Equal opportunity is a widely shared ideal. Across the political spectrum, it is often held up as an economic model—a way of arranging access to education, work, and wealth—as well as a fundamental value, giving meaning to the notion that all citizens are equal. As Joe Biden put it in his first executive order as president, “equal opportunity is the bedrock of American democracy.”
But is equal opportunity enough? Does it truly capture the meaning of equality? In a neoliberal age that prizes personal responsibility and individual merit, the idea has been increasingly called into question. Taking equality seriously, critics argue, means aiming to ensure that we all live equally flourishing lives—not merely that we have equal shots at upward mobility.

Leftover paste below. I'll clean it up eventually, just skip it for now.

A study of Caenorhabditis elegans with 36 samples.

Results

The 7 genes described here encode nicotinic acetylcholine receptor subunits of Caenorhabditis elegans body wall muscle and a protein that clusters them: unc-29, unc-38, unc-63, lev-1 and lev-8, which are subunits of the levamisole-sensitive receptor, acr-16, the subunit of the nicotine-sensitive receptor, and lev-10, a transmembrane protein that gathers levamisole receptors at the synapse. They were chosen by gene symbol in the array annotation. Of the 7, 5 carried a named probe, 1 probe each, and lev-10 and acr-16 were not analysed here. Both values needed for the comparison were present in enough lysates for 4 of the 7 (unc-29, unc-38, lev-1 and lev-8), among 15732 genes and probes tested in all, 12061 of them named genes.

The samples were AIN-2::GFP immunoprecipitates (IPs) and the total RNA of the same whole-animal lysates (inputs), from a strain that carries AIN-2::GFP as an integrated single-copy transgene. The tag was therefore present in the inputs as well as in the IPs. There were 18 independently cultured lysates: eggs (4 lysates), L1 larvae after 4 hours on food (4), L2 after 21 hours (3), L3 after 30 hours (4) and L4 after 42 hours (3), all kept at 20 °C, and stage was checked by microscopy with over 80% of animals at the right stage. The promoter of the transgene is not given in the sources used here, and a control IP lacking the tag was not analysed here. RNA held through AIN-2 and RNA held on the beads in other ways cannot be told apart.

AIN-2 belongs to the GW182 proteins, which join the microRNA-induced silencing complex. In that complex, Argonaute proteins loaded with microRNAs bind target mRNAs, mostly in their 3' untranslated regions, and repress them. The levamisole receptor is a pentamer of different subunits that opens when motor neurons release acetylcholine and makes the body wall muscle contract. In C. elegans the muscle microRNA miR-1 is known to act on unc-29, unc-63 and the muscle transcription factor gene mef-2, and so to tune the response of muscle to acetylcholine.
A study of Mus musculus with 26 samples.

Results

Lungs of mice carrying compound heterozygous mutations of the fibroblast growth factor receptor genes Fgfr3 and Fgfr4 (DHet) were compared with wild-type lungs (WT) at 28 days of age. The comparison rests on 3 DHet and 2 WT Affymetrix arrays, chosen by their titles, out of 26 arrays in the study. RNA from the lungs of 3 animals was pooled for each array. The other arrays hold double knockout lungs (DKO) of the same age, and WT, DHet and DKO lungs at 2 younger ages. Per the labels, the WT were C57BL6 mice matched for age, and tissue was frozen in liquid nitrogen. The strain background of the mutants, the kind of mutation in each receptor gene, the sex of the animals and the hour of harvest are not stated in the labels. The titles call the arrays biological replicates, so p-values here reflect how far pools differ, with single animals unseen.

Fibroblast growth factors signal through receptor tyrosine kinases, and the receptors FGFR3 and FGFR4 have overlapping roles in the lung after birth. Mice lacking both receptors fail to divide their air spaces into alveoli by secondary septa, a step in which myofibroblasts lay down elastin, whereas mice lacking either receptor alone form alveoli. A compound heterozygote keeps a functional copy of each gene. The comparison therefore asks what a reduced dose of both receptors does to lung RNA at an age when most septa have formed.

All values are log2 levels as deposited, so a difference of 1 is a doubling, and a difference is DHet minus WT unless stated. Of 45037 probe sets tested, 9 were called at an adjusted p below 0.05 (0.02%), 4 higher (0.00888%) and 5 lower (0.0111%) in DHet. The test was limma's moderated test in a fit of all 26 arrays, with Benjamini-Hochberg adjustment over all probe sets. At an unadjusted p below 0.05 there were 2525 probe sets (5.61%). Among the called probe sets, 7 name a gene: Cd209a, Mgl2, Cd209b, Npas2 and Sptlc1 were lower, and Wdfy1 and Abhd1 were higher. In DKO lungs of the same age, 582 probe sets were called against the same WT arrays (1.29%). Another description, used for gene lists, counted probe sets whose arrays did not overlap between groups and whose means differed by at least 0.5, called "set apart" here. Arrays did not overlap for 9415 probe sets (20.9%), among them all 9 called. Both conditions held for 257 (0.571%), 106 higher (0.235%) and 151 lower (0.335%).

That means rethinking a range of social institutions, from education and land ownership to finance and neighborhood development. Featuring work by philosophers and economists, historians and sociologists, this issue explores the importance of outcomes, not just opportunities.
Contributors: Christine Sypnowich leads a forum with Claude Fischer, Leah Gordon, Ravi Kanbur, Lane Kenworthy, Martin O’Neill, William M. Paris, Anne Phillips, John Roemer, Gina Schouten, Zofia Stemplowska, and Nicholas Vrousalis, plus essays by Kevin P. Donovan, Jo Guldi, Christopher Newfield, and Timothy Weaver.
That’s what sociologist Alondra Nelson says of Boston Review. Independent and nonprofit, we believe in the power of collective reasoning and imagination to create a more just world.